HMRC building

HMRC has awarded itself new powers to access your accounts for a year, it has been reported.

The tax authority has drawn up plans to seize the account details of anyone who they claim may owe them some money.

These new powers come just months after it announced that they can dip into the accounts of those it accuses of missing tax payments.

It will also be able to deduct the legal costs of anyone who is embroiled in a court case with it, if HMRC believes it is likely to win a court case – leaving people with no money to defend themselves adequately or get legal representation.

Now, Lin Homer, chief executive of HMRC said she wants to be able to ask banks or building societies to hand over 12 months of a person’s bank or Isa statements.

This will allow the tax authority to check that there will be enough money in the account when they decide to swipe money from it.

Scarily, its powers do not stop there. HMRC also want to be able to extend the powers to other organisations and corporations to retrieve money owed for things such as TV licences or car tax.

Ms Homer herself has admitted that the tax authority may be prone to making mistakes. Effectively, HMRC will be able to elect itself as judge, jury and executioner.

It also goes against the grain of established democratic principles where guilt has to be proven in a court of law before a penalty takes place.

This new law represents a sharp diversion from those principles.

However, some politicians have opposed the measures.

Labour MP George Mudie said: “This is another intrusion into people’s lives. You are going to have the power to get 12 months’ bank accounts from people, building societies… the lot.”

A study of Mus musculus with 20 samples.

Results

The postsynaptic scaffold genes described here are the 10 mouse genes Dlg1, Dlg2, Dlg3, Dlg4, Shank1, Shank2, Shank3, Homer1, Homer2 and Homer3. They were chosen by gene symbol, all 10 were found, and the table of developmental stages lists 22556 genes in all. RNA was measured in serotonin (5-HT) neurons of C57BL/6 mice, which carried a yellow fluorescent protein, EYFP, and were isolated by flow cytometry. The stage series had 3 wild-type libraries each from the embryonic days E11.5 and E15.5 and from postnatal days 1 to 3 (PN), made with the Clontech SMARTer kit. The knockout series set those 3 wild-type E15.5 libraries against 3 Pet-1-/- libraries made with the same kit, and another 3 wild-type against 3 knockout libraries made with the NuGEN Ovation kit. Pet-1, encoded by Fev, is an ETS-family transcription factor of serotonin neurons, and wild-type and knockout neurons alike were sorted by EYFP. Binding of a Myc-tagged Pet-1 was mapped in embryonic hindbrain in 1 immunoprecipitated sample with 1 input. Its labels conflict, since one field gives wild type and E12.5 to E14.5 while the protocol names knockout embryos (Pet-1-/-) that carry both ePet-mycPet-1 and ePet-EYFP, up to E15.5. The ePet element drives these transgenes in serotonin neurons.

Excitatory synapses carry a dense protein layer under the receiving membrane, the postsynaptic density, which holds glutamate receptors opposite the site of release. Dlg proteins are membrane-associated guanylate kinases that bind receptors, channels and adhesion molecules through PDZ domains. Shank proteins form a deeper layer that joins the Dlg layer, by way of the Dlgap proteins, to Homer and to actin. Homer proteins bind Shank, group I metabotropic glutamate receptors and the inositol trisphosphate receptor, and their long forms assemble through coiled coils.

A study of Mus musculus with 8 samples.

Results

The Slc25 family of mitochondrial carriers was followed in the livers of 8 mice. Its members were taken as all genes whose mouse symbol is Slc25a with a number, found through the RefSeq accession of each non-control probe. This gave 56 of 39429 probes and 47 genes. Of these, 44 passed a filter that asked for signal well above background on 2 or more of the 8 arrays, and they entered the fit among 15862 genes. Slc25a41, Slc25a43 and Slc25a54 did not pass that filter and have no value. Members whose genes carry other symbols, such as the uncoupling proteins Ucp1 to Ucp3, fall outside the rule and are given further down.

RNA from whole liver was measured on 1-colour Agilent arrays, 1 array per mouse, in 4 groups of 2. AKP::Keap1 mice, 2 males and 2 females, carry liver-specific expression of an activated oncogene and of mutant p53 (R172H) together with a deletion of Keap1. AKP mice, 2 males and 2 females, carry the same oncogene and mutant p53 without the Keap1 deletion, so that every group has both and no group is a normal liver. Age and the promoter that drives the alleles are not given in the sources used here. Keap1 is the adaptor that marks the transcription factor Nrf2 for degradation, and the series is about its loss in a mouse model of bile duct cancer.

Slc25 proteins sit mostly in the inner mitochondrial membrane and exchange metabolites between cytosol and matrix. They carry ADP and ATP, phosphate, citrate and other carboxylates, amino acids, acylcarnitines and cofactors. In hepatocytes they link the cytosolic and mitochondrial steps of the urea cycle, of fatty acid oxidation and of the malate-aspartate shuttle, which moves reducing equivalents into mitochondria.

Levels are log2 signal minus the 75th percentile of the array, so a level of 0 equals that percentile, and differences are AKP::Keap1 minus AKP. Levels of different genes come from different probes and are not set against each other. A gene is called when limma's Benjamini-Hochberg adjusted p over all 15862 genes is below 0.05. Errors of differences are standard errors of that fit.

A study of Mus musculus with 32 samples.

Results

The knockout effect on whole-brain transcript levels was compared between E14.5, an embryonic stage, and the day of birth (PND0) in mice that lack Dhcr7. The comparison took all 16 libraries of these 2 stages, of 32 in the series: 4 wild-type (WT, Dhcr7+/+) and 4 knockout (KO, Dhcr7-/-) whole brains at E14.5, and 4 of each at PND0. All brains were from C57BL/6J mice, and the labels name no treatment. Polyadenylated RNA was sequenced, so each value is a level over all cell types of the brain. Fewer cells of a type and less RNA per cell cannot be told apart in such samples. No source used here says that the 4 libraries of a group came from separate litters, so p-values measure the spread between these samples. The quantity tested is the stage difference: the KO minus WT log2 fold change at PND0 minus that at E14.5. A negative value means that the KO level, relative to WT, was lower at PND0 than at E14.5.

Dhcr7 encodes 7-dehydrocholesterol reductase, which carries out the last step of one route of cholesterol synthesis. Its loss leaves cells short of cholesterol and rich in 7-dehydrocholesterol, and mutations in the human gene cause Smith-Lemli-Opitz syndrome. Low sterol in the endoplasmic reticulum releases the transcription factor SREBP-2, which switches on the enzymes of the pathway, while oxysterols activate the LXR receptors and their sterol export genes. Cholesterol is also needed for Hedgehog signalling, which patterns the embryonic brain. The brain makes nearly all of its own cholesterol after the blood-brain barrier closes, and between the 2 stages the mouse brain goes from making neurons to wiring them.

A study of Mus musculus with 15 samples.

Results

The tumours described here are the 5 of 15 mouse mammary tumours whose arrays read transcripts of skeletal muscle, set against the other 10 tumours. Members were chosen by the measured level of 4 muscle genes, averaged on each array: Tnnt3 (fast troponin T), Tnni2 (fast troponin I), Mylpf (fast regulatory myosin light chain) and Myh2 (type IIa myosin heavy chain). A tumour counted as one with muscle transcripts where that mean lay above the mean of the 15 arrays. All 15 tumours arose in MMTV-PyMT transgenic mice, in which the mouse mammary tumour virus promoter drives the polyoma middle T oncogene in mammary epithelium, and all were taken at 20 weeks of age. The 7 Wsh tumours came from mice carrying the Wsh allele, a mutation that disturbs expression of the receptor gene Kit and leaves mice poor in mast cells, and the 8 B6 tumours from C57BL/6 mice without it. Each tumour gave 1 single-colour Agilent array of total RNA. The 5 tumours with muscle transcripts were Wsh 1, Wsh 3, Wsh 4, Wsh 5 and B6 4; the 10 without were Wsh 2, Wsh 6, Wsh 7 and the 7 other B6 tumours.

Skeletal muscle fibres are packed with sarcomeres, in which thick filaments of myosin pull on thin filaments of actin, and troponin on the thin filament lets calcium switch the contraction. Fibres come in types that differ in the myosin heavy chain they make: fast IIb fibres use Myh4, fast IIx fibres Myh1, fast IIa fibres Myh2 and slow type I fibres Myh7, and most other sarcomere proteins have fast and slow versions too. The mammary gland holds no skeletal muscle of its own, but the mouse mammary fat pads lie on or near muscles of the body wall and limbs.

This was followed up by Liberal Democrat John Thurso, who added: “‘We are talking here about the ability for one organisation of state… to have the unique right to go against the Magna Carta and all the other things we have established and to go in and seize – without judicial process or review – a bank account.”

However, HMRC has defended its move by saying that proving its allegations in a court case was too much of an inconvenience.

Ms Homer explained: “Of course, we can go to court, but the cost both in time and money of going to court will often outweigh or seriously diminish the amount of tax collected.”

Chas Roy-Chowdhury, head of taxation at the Association of Chartered Certified Accountants, said these new powers represent a slippery slope.

He explained: “There is a dangerous sense of “Big Brother” about it.
‘There is a fear that this will set a precedent for HMRC and other government agencies [such as the collection of unpaid council tax].

“This is a dangerous route to begin to go down.These powers, if implemented, will affect families and individuals, as well as small businesses, up and down the country and not large multi-national businesses with armies of lawyers and accountants on hand to prevent it happening.”